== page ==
A month from today I will leave the house I share with my partner in Sunnyvale and I will fly from San Jose to Chicago to spend two days catching up with family and friends. On the 11th, I will pick up my UHaul and drive it to Michigan, collect my belongings from my boyfriend’s basement in Ann Arbor, hitch my much-missed Honda Civic to the back of the truck, and drive along the great lakes to Syracuse. TA orientation starts on August 14.
In the last week or so I’ve been trying to work my brain back into the academic mindspace I left last December when I finished teaching and moved with my partner to Kalamazoo. Since then I’ve been writing fiction, blogging, reading a lot of novels, draining my savings, and savoring the slow life. Things are about to get hard, and quick. My partner and I will be separated for months at a time, and I’ll be diving into a really rigorous PhD program, teaching new material, trying to keep up with a cohort of colleagues who largely have MA’s in this field. I am lucky, and I am ready, but I am scared.
Yesterday the textbook for the freshman writing course I’ll be teaching this fall arrived: Writing About Writing, by Elizabeth Wardle and Doug Downs. I spent much of yesterday paging through it, reading the articles and working my brain into its editing style. It’s funny, because I remember at Michigan talking serious smack about the premise of writing about writing. “You have to write about something,” I said. “That’s why I teach my courses about hiphop: students need something to write about.” Of course, Wardle and Downs make a strong case that writing about writing is writing about something: writing studies is an academic field with content that writing students ought to study. There are scholars who study writing int he same way scholars study anthropology or philosophy. That’s the content a writing class should teach, and student writing should be about.
Of course I have some reservations about this material, but, as they say, Don’t Knock It Til You Try It. Yes, the volume’s editing is overdetermined and a bit treacly. Yes, I can’t shake my writer’s fondness for precision and clarity of language. That said, many of the lessons I made up for my students are basically codified in this book: that writing is drafting. That content is more important than grammar. That effective scholarship joins a conversation. That there’s no such thing as a “reliable source.” It feels good to have my hunches backed up by this book. And it feels great to trust the program I’m joining. Hell, I wouldn’t have uprooted my domestic life otherwise. I’d stay sitting pretty in California.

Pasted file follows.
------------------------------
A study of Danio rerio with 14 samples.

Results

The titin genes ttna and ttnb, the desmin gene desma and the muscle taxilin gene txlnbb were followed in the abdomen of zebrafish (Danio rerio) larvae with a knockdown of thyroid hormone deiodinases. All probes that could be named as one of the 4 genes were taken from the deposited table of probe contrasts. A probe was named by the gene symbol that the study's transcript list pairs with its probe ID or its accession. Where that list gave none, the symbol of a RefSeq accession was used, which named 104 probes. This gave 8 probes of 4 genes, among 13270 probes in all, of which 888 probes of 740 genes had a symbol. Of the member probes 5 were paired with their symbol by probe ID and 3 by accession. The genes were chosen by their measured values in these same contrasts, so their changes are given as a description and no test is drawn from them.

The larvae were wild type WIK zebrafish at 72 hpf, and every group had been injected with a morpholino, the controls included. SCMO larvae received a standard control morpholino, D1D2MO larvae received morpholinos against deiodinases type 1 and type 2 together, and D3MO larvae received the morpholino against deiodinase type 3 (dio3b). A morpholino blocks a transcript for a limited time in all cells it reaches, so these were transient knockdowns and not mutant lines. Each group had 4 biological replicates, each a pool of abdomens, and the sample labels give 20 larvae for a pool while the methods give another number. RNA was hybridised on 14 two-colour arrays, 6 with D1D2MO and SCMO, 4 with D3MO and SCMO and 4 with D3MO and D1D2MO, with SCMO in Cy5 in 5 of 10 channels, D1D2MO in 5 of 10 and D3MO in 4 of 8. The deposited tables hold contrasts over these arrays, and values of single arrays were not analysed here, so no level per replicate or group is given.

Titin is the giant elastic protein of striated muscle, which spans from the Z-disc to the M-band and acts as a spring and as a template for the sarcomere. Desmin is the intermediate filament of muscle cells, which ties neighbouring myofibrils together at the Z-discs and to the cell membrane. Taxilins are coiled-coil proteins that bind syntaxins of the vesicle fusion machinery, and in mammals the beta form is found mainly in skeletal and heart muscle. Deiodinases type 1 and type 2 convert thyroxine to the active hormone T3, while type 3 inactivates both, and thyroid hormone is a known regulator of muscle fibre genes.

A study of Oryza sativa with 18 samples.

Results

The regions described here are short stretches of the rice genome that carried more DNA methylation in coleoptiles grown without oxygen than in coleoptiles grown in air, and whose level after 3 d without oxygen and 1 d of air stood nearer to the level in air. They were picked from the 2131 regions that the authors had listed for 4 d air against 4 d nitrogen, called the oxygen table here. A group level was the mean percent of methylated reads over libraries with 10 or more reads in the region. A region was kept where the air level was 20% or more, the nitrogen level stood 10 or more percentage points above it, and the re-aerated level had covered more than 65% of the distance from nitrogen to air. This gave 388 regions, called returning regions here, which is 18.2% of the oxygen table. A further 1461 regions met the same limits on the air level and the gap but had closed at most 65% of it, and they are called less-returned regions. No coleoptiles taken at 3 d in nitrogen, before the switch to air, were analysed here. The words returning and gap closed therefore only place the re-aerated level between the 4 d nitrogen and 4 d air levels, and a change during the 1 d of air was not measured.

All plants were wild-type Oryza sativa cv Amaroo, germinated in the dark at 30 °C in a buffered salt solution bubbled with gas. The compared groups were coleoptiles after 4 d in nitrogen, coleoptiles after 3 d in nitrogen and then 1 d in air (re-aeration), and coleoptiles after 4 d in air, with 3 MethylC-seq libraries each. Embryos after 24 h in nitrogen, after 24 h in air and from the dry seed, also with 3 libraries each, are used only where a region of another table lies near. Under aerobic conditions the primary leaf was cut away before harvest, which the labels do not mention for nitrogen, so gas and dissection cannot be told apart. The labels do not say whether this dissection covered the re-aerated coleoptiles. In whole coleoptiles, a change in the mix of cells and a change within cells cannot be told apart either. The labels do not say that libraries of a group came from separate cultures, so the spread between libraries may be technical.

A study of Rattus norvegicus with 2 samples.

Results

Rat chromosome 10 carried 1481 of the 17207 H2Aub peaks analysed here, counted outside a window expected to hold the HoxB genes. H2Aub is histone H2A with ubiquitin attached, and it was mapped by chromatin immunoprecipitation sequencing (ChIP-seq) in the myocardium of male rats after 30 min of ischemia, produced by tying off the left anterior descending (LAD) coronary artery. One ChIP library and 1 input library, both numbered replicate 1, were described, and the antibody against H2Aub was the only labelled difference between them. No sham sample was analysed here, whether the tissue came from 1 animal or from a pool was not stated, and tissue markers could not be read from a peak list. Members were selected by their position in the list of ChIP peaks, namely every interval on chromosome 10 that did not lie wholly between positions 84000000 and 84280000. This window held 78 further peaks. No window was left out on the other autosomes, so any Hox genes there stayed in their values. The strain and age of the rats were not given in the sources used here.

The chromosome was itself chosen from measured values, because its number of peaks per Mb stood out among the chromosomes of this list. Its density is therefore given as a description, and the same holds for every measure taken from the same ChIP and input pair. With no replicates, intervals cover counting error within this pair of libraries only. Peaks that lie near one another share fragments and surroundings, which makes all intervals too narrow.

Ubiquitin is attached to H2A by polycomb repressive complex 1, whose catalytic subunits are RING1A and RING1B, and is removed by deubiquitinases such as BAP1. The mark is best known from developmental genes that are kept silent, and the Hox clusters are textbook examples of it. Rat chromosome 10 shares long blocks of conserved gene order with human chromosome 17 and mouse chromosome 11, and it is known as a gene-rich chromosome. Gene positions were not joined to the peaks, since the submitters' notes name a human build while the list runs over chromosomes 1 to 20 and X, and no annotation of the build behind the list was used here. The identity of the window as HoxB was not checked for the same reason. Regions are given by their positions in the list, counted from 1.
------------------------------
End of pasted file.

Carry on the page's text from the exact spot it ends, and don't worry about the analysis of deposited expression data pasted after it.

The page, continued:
(Sidenote: I spent 4th of July weekend at my boyfriend’s family reunion in Montana. One morning, over breakfast, R’s cousin looks up and asks: “Is the Economist a reliable source?” An echo of Yeses whirs ’round the room. Except for curmudgeony ol’ me, who says, “What is a reliable source?” [Immediately wished I had kept my mouth shut.] Cousin says, “I want to know if The Economist is right about this X or Y technology that’s being released.” “Can you trust it for that?” I countered, “Probably. But can you take its interpretation of the news as pure fact, no. All sources have agendas and biases.” At which point Cousin’s mom, Aunt, pokes in. “Of course some sources are reliable,” she says. “I’ll prove it with an antonym: Wikipedia.” [At which point in my subsequent retelling, partner R just shook his head.] “What are you talking about!” I cry. “Lots of Wikipedia is accurate! And it’s all a ‘reliable’ artifact of acceptable public knowledge. It’s reliable as to what Wikipedia says about something!” Lots of shrugs go around the table. Cousin still wants to know can he “rely on” the Economist article. I take my tea and go back to our room. #longweekend . But fun, too.)
All to say that I’m going to have lots more to tell you this coming fall. This program is a big leap of faith for me: I already knew rap was literary, but I’m jumping to the conclusion that it’s rhetorical without tons of rhetorical knowledge to back me up. But I’ll have it soon. And I’ll be able to argue that RAP is Writing About Writing (or more like, Rapping about Rapping). Hiphop is meta and discourse formation and the rhetorical situation and writing about writing. I just can’t prove it yet. But stay tuned.
If you’re into all this rhetoricky stuff, I’ll leave you with a link to the blog I’ve been reading this morning, that of CCR faculty member Collin Brooke, who writes about lots of fun digital/social media-rhet-comp stuff. He quotes a Facebook comment from his colleague Doug Hesse:
We built the Web for pages, but increasingly we’re moving from pages to streams (most recently-updated on top, generally), on our phones but also on bigger screens. Sites that were pages have become streams. E.g., YouTube and Yahoo. These streams feel like apps, not pages. Our arrogance keeps us thinking that the Web is still about pages. Nope. The percentage of time we spend online looking at streams is rapidly increasing. It is already dominant.
And on that final note, I’ll add this little spring to my stream. Happy Tuesday, y’all.